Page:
Excuse me while I disappear

“Angel Eyes” is a song I’ve always associated with Frank Sinatra, especially his performance of it at Madison Square Garden in his “Farewell Show” in 1971. It doesn’t matter that his retirement lasted a mere two years, that performance reinforced Sinatra’s iconic stature, to say nothing of the song’s. For me, it’s all about the image of a tired, aging man singing his heart out, smoking a long, slow cigarette and drinking hard liquor. The performance, which is accessible on YouTube, shows a Sinatra that is tired, and it shows in his face and comes through in his voice. The live version is much more somber, more strained, than his recorded versions, which is part of the magic that comes through in Sinatra’s live renditions of the song. It’s a song that’s meant to be sung slowly and thoughtfully. When compared to the Johnny Mathis version, which is far too upbeat and jazzy for my tastes, Sinatra’s rendition sounds purgatorial and nightmarish. Sinatra’s is a version that accompanies last calls and closing times.

As iconic and somber as Sinatra’s live versions of “Angel Eyes” in the early 1970s is, its pain is nothing compared to that of Chet Baker’s version on As Time Goes By, recorded in mid-December 1986 in Holland, just two years before his death in Amsterdam. Baker has always sung with a melancholy whose depths are impossible to reach. Baker is one of a handful of musician-singers who battled demons most of their adult lives and was able to turn that torture into art. I first heard Baker’s version of “Angel Eyes” relatively late, and long after I heard Sinatra sing the tune. After hearing Baker’s version one gets the sense that this man is living what he’s singing about. Baker is less the entertainer-musician than the lost soul. His voice is barely there, worn down by years of drug abuse, drinking, and smoking. If Sinatra’s version of the song is sad, Baker’s is heartbreaking. It’s real, authentic, and beyond measure. Baker’s version is something that one can only experience from a distance, knowing that the singer is somewhere beyond reach, destined never to be happy. It’s the perfect song to listen to when driving around Los Angeles in the middle of the night. But as much as we freefall into the loneliness and pain that informs Baker’s performance, the listener can never really share in the power of the song in the way we can with Sinatra’s. Baker’s version of “Angel Eyes” is a performance by a man who is all but used up. If Sinatra’s version reminds one of closing time, Baker’s walks with us as we make our way home along the deserted city streets, alone and barely able to stand.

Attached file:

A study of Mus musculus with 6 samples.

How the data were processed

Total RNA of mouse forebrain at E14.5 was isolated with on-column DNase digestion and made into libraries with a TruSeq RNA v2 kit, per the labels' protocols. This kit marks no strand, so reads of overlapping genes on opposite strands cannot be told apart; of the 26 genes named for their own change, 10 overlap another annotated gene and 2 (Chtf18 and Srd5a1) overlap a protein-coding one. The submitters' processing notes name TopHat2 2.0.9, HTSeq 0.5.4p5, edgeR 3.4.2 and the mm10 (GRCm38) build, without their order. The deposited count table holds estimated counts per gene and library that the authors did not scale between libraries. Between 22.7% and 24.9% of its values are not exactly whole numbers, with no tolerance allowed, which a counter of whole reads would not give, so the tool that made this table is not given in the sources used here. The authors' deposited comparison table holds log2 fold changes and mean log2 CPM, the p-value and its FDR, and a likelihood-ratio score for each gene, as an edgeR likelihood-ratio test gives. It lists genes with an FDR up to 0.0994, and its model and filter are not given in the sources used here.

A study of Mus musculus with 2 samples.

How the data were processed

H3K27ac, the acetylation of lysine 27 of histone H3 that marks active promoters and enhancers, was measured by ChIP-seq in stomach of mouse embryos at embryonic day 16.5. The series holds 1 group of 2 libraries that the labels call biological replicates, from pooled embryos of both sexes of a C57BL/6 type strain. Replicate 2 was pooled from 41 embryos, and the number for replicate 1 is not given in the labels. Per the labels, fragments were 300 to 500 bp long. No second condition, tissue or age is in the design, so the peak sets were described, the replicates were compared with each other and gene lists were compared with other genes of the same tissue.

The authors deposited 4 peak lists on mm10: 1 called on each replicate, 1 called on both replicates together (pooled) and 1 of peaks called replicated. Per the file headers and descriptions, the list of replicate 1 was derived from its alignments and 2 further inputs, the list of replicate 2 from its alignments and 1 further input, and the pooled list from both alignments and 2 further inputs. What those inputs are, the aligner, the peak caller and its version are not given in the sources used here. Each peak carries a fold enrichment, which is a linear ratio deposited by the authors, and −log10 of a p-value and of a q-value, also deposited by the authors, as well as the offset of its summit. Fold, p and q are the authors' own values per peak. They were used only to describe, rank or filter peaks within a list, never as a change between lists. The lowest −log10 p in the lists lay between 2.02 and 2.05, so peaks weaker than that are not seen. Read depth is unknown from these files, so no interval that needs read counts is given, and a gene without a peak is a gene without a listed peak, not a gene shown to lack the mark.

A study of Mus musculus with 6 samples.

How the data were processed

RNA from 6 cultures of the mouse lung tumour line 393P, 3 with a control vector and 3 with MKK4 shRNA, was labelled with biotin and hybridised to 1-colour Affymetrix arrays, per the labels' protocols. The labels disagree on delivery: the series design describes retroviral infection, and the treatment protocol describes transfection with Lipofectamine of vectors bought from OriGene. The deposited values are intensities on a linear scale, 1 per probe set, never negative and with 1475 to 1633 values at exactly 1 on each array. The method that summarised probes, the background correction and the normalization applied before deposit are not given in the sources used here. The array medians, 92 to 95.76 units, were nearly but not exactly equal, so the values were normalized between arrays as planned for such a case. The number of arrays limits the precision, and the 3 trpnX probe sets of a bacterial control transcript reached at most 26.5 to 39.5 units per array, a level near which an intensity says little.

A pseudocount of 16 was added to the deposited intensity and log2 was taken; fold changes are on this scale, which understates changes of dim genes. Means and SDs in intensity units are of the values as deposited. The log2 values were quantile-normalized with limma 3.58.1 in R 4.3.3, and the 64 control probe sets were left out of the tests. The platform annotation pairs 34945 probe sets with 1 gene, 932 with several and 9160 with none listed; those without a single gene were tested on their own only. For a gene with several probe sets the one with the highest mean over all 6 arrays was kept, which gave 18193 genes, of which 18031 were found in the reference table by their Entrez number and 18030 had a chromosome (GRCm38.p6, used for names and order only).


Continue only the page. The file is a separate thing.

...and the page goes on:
There is something inauthentic about Sinatra’s live version of the song when compared with Baker’s. I can’t help but think that Sinatra is playing a part, is orchestrating the performance in some way. Of course he is, he was a professional entertainer above all else. Still, one cannot disassociate Sinatra’s live performances of the song from his carefully maintained image. “The fact’s uncommonly clear,” indeed; Sinatra’s live versions of “Angel Eyes” are testaments to a consummate performer completely in control of his own image. Chet Baker is the real thing, and his image is entwined with hard living and an uncontrollability that leads to the abyss.

Matt Dennis and Earl Brent, who wrote the lyrics, wrote “Angel Eyes” in 1946.